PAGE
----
US pushes changes to Western land plans that judge blocked

BILLINGS, Mont. (AP) — U.S. Interior Department officials are seeking to bolster their case for easing restrictions on energy development, mining and grazing in seven Western states. A federal judge in Idaho blocked the Trump administration plans last year over concerns that they could harm greater sage grouse, a ground-dwelling bird. Assistant Interior Secretary Casey Hammond says a new set of environmental studies published Friday clarifies the steps the government will take to conserve sage grouse habitat. The Interior Department opened a 45-day public comment period on the studies that cover millions of acres of public lands in Wyoming, Colorado, Utah, Nevada, Idaho, Oregon and California.

ENERGY LEASES-UTAH TRAIL

US drops plan to sell leases near famed Utah bike trail

SALT LAKE CITY (AP) — U.S. officials have dropped plans to sell energy leases in a popular Utah recreational area that's renowned for its mountain biking trails. The reversal by the U.S. Bureau of Land Management comes after local businesses, officials and Gov. Gary Herbert raised concerns about potential effects to the Slickrock Trail near Moab. The two lease parcels would have covered about two-thirds of the trail and been barely a mile from Arches National Park. Under President Donald Trump, the amount of acreage leased for oil and gas development in Western states has been sharply increasing. The land agency said Friday that local officials and businesses raised legitimate issues, including effects on water supplies.

COAL-HEATING HOMES

Tribes turn to other heat sources after coal mine closure

POLACCA, Ariz. (AP) — Navajo and Hopi families in northeastern Arizona that have long relied on coal to heat their homes are looking to other sources after last year's closure of a coal mine. The Kayenta Mine shut down after decades of supplying the Navajo Generating Station. The Navajo and Hopi tribes shared in the coal royalties. Tribal members also had access to the coal, regularly loading the long-burning fossil fuel into pickup trucks or buying it from roadside vendors. Now they're having to travel farther for coal, switching to firewood or even burning household items to stay warm.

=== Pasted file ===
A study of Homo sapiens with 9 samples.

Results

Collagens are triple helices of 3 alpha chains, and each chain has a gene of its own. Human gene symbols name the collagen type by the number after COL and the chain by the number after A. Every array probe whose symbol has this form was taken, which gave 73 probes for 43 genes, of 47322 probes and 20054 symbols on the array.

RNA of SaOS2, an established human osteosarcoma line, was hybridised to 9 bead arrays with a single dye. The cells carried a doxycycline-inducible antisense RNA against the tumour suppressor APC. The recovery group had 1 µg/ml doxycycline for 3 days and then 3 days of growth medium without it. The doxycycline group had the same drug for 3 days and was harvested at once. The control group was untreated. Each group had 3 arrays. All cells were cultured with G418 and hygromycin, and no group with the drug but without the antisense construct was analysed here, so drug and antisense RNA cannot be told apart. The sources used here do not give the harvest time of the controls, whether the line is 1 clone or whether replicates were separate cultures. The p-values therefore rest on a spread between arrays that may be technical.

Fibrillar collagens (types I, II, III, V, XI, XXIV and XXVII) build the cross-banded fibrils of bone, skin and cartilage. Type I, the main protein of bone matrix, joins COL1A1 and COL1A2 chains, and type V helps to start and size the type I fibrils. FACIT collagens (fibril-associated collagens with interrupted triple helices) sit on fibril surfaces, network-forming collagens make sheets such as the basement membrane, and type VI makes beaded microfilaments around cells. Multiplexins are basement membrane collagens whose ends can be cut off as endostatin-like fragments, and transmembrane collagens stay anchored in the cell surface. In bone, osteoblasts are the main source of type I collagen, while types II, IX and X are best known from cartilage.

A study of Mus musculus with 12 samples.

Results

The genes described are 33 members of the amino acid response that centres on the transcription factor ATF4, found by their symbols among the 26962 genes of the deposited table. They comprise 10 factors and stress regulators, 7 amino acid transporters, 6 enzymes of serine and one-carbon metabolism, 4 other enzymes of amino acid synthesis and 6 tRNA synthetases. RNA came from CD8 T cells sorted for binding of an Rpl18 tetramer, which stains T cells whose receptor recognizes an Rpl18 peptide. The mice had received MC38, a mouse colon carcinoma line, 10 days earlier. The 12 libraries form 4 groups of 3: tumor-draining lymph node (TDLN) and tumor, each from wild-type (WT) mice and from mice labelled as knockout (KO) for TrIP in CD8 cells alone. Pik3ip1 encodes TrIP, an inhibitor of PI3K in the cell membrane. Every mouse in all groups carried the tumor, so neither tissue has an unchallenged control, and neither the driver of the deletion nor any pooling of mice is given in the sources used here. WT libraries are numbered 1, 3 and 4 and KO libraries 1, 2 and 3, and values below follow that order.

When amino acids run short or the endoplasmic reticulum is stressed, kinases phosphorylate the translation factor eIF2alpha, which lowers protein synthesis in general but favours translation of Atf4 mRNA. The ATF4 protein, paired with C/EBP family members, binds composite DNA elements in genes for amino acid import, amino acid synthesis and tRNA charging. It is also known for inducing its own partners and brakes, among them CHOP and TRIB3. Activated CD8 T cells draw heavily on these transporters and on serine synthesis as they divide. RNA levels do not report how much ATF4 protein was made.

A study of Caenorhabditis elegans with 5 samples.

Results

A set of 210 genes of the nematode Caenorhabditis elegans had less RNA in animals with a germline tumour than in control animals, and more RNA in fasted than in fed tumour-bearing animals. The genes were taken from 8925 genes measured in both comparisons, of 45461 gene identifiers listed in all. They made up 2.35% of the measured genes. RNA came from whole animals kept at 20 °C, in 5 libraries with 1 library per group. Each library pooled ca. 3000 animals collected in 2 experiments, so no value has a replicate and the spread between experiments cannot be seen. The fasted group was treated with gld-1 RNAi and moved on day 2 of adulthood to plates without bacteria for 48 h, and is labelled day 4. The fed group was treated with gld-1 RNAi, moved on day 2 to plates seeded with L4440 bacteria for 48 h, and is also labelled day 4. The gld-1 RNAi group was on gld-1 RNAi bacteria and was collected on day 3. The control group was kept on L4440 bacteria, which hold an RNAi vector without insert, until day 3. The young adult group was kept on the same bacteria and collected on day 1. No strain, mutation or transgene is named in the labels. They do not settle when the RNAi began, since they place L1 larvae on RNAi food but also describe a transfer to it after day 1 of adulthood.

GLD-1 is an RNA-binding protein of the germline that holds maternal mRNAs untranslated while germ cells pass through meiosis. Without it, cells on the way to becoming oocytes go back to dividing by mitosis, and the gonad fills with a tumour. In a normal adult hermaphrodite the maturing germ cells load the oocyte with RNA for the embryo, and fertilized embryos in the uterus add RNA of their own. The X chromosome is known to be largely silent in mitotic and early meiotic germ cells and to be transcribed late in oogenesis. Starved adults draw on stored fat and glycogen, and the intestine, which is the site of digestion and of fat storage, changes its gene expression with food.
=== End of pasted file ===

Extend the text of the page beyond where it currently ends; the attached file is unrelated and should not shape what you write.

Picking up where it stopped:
AP-FBC-UTAH-FOOTBALL-PLAYER-RAPE-CHARGES

University of Utah football player charged with 3 rapes

SALT LAKE CITY (AP) — A University of Utah football player accused of raping a 17-year-old girl is facing additional charges after prosecutors say he also raped two women. The Salt Lake Tribune reports that 20-year-old wide receiver Terrell Perriman is now charged with eight felonies, including three counts of rape. Perriman initially faced a single count of rape and a charge of aggravated kidnapping on suspicion of assaulting a teen girl he met on Instagram. Prosecutors added to the charges Friday, saying he raped two women in Salt Lake County. A defense attorney says Perriman didn't rape the teen. He didn't respond to a message about the additional charges. The football team dismissed Perriman on Friday.

OFFICER KILLED-CONVICTION OVERTURNED

Court overturns conviction for accomplice in officer death

SALT LAKE CITY (AP) — The Utah Supreme Court has overturned the conviction of a woman convicted as an accomplice in a police officer's killing in 2014. Chief Justice Matthew Durrant wrote in an opinion released Friday that there is a reasonable possibility the jury would not have found Meagan Grunwald guilty if there hadn't been an error in jury instructions. He wrote that “our confidence in the guilty verdict is undermined.” Justice Thomas Lee dissented. Authorities said Grunwald, then 17, drove the car for her boyfriend during a deadly 2014 police chase that resulted in the death of Utah County Sheriff's Office Sgt. Cory Wride.

UTAH LAKE PARK

Nature reserve and park envisioned for shores of Utah Lake

PROVO, Utah (AP) — A proposed public park and nature reserve on the shores of Utah Lake would provide restoration habitat for birds and walking trails, fishing spots and bird watching towers. The Daily Herald newspaper in Provo reports that the 1,000-acre park would be nestled between Provo, Orem and Vineyard on lands where the Ute tribe once hunted and fished. A coalition of government and private groups are asking state lawmakers for $5.6 million for the project.